The Disney Effect

The resonance came as a surprise! Something about China captured my imagination and interest at a deep, visceral level. I’ve had the very good fortune of visiting many more countries than I could ever have imagined as a kid. But China was different, unique, unforeseen despite my eagerness to go.

Lingering impressions continue to resonate during these days since my return. The Great Wall, the terra-cotta warriors of Xian — so much about this ancient culture — predates the birth of Jesus. How could such an impactful immersion in another culture not color the way I experienced Christmas this year.

Certainly an especially impactful ingredient was going with my 14 year-old grandnephew. Except for James, it was a pretty “mature” bunch of 25 in our tour group. Seeing his jaw drop, attempting to keep up with his pace, witnessing his insatiable curiosity, marveling at his perfectly expressed one-word sentences enhanced my experience beyond measure.

What is it about the young and old together? Unbridled energy, their sponge-like capacity to absorb facts catalyze with our more sedate wisdom and broader perspective regarding the singular and the paradoxical. We need both! Each is exponentially enhanced by the other. Call it the “Disney effect” — that which grandparents report when they accompany their grandchildren to Disneyland.

Much of this came rushing back today when reading one of my favorite blogs. Kayla McClurg offers a fresh, relevant and insightful reflection on today’s Gospel from the Common Lectionary. Yes, the finding of Jesus in the Temple brought me back to my China adventure with James.

Perhaps you will recognize a familiar but unforeseen connection in your relationship with the indispensable young people in your life:

The common idea is that children have much to learn from us, and should be always taking our direction and listening to our wisdom, but we adults have much to learn from and about our children as well. What a difference it makes to pause and listen. What might they be trying to communicate through their wayward words and actions. What looks like mischief might be an emerging creativity; what sounds like ‘talking back’ could be the clumsy beginnings of deeply felt expression; what seem to be displays of disobedience might be signs of their listening to inner guidance. Or not. We can never be sure. We can only be companions to the mystery, a steady presence, guiding by walking alongside.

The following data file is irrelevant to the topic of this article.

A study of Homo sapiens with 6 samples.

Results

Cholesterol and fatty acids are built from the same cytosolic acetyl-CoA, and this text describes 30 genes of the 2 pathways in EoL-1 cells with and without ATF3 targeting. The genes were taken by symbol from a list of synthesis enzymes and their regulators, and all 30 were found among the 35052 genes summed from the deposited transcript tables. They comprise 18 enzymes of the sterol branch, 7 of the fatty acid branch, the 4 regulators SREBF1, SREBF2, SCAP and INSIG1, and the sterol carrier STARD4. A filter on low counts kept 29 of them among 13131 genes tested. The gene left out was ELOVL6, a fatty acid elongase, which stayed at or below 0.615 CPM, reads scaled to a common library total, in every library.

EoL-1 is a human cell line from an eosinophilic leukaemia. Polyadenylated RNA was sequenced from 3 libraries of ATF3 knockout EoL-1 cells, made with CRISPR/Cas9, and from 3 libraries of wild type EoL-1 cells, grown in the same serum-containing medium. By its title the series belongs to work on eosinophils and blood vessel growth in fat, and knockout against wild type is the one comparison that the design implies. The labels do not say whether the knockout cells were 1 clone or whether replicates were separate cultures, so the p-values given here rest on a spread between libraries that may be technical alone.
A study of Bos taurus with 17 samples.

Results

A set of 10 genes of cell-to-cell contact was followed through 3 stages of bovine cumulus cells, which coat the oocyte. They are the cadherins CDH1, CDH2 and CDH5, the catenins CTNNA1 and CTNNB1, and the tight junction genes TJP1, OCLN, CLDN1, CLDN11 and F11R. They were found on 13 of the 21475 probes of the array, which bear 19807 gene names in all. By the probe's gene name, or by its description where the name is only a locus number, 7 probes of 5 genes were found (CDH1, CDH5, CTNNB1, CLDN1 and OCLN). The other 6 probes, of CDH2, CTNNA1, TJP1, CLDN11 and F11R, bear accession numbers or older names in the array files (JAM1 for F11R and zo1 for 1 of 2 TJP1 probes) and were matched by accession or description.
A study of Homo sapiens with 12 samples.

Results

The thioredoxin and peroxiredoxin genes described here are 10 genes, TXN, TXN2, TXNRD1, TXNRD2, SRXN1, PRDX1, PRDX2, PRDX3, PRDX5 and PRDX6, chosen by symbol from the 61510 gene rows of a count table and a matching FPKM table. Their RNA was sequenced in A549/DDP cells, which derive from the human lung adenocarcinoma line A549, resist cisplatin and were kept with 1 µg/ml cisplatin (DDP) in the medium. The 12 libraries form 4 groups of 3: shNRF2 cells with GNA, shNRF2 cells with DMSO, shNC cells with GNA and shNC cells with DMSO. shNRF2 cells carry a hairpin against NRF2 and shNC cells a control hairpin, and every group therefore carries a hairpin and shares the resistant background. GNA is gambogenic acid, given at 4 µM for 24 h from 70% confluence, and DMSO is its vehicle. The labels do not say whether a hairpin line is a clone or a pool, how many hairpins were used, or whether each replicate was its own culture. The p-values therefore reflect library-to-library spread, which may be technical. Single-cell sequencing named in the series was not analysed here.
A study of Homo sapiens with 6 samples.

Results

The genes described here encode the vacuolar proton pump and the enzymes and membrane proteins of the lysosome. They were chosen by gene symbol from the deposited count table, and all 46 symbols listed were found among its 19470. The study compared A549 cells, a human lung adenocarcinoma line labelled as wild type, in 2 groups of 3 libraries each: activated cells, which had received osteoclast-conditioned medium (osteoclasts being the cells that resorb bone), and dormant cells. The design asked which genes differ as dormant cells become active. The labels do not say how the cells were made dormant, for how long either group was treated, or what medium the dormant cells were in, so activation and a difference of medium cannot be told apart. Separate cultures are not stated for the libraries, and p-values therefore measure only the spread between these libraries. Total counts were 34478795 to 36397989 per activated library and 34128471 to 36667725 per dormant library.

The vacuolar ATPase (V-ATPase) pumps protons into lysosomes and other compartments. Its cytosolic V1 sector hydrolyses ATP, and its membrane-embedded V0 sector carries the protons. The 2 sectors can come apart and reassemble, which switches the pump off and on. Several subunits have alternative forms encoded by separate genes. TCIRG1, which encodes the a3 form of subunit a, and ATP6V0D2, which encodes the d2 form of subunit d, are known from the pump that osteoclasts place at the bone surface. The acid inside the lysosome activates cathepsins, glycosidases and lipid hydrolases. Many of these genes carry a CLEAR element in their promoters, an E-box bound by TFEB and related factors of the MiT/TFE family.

“Why were you searching for me?” Jesus asks his bewildered parents. “Did you not know where I must be?” To really know the children in our lives is to search continually for them, to lose sight and then to rediscover who they are now. It is to want to know them more, to ask them what matters most, to listen at least as much as we talk. To know them is to enter the temple of their lives and care about their worries and wonders. Because children are not only our future . . . children are our right now. We need each other. What they see and say matter. We are called to do God’s business together.


Kayla McClurg’s full reflection from which her quote is taken may be found [here]. I recommend her blog, Inward/Outward.  You may sign-up to receive weekly emails with this link.